PITTSBURGH (AP) — The number in the loss column is at “one.” The number of issues the Pittsburgh Steelers are facing after their first setback of the season is considerably higher.
The shortcomings masked by timely turnovers and just enough offensive splash during Pittsburgh's 11-0 start were on full display during a stunning 23-17 upset at the hands of Washington on Monday night.
The offensive line, missing center Maurkice Pouncey for a second straight game because of COVID-19 protocols, was pushed around by Washington's younger, more athletic front. The running game, minus James Conner, who like Pouncey sat out due to COVID-19, generated a whopping 1.67 yards per carry and went 0-fer in three shots from the Washington 1 in the second quarter before being abandoned almost completely.
Facing fourth-and-1 at the Washington 25 with the game tied in the fourth quarter, Pittsburgh eschewed a run and instead had quarterback Ben Roethlisberger send an ill-fated lob down the sideline to rookie running back Anthony McFarland Jr. that fell incomplete.
“I live by a coaching creed ‘If you can’t get a yard, you don’t deserve to win’ and that was the case for us in this game," coach Mike Tomlin said Tuesday.
It's been that way lately. Pittsburgh's 21 yards rushing marked the franchise's third-lowest total since 1970. While Tomlin has stressed repeatedly the Steelers don't need to grind it out to win — not with Roethlisberger having a remarkable comeback season after missing most of 2019 with a right elbow injury — the inability to produce any sort of consistent offensive balance has taken its toll.
And while Tomlin is aware of how short-handed his offense is without two of its key cogs, he also doesn't care.
“That (ticks) me off because we’ve got to be the type of group that endures regardless of who is available,” he said.
Tomlin is optimistic both Pouncey and Conner will be available next Sunday against Buffalo (9-3). Yet they will need more than just having their familiar numbers in the lineup to get things right. There's a mindset associated with running the ball and in that area, the Steelers have been lacking.
“In terms of quality of play, we haven’t been physical enough,” Tomlin said.
Fixing it can be tricky. Practicing in full pads is almost non-existent even during a “normal” December, let alone one in the middle of a pandemic. Tomlin pointed out the Steelers spent as much if not more time in pads than most clubs during training camp.
“We carry our pads every day through the team development process,” he pointed out.
Time to hope muscle memory returns quickly.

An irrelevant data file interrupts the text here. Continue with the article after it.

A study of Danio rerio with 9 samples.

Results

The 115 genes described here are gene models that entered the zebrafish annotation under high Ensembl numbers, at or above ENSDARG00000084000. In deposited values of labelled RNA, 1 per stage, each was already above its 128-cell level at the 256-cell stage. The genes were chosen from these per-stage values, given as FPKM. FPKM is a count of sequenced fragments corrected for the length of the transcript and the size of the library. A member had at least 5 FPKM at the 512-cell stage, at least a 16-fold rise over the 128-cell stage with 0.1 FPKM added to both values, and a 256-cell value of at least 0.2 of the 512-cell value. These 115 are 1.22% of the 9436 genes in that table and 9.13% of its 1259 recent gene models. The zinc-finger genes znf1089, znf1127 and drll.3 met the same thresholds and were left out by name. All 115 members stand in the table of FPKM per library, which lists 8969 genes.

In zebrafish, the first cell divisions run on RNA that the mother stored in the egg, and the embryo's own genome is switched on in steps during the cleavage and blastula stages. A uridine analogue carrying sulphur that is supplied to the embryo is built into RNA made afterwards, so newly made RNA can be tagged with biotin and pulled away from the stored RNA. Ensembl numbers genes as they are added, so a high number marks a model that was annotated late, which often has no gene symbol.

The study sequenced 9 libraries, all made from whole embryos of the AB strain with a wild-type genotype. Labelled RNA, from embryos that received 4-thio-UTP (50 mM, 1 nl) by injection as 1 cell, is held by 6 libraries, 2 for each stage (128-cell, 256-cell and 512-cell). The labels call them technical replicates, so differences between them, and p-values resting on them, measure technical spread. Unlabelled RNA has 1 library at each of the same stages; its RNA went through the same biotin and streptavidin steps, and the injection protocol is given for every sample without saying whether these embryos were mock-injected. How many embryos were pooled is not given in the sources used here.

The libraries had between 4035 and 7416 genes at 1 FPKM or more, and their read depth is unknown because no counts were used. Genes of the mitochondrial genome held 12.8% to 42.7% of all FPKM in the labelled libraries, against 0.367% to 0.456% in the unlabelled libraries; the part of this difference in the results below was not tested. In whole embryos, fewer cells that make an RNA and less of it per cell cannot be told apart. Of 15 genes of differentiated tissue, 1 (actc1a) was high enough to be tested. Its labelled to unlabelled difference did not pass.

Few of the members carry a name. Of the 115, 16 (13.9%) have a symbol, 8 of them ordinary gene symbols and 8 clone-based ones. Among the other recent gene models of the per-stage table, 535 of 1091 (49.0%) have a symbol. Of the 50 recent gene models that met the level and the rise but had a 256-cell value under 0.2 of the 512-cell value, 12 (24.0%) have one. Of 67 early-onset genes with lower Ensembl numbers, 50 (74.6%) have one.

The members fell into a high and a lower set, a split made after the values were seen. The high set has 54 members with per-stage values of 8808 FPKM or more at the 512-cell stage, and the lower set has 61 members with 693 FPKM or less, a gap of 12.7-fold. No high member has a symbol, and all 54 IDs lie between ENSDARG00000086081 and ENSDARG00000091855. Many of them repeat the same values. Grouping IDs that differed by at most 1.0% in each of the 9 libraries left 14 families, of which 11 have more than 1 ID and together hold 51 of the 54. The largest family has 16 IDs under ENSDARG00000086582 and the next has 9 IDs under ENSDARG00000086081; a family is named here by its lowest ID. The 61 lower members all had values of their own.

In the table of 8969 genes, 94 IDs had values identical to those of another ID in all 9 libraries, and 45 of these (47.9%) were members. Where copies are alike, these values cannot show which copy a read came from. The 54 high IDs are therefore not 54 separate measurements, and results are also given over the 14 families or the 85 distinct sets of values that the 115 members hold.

Technically, it's more like “Watt's working.”
Outside linebacker T.J. Watt picked up his NFL-leading 12th sack against Washington despite playing without usual running mate Bud Dupree. The other half of one of the league's best pass-rushing duos is out for the season after tearing the ACL in his right knee.
Not that it mattered much against Washington. Watt was his typically disruptive self, though he did miss a golden opportunity in the fourth quarter when he tried to “scoop and score” on a Washington fumble rather than just fall on it. Washington's Logan Thomas recovered instead.
Pittsburgh is struggling when it tries to get tough in short yardage. Against Washington, it didn't get any better when it tried to get cute. Facing third-and-goal at the Washington 1 in the second quarter, Roethlisberger tried a play-action pass to Jerald Hawkins.
Two things here. Actually, three. First, Hawkins only became eligible just hours before kickoff after being activated off the reserve/COVID-19 list. Second, Hawkins is a backup offensive lineman by trade. Third, that's exactly what he looked like when he stumbled into his route and watched Roethlisberger's lob sail well out of reach.
James Washington is continuing to make a compelling case for more playing time. A week after his leaping grab in triple coverage helped Pittsburgh escape against Baltimore, Washington turned a hitch route into a 50-yard touchdown. With several of his teammates (more on that in a minute) struggling to hold onto the ball, Washington's role could continue to grow.
Tight end Eric Ebron and wide receiver Diontae Johnson both have game-breaking ability. To break the games though, they actually need the ball in their hands. That hasn't been automatic recently. Both had issues with the drops for a second straight game, mostly because they have developed a habit of turning their eyes downfield before securing the catch instead of seeing the ball all the way into their hands. They're hardly alone. The Steelers lead the NFL in drops with 34 and Tomlin hinted at changes in terms of playing time if things don't improve.
Cornerback Steven Nelson will attempt to practice on Wednesday and could be available for Buffalo. The same holds true for kicker Chris Boswell, who sat out with a hip injury. The nature of inside linebacker Robert Spillane's injury is uncertain, but his potential absence opens the door for Avery Williamson, acquired in a trade with the New York Jets earlier this season.
69. The Steelers tied Tampa Bay's NFL record for consecutive games with at least one sack when Watt took down Alex Smith in the first quarter. Still, Dupree's absence was felt late as Pittsburgh's pressure lagged, allowing Smith to make big plays down the field during Washington's rally.
Try to clinch a playoff berth for the first time since 2017 next week against Buffalo, where the injury-riddled secondary will have to be considerably sharper than it was in the second half against Washington.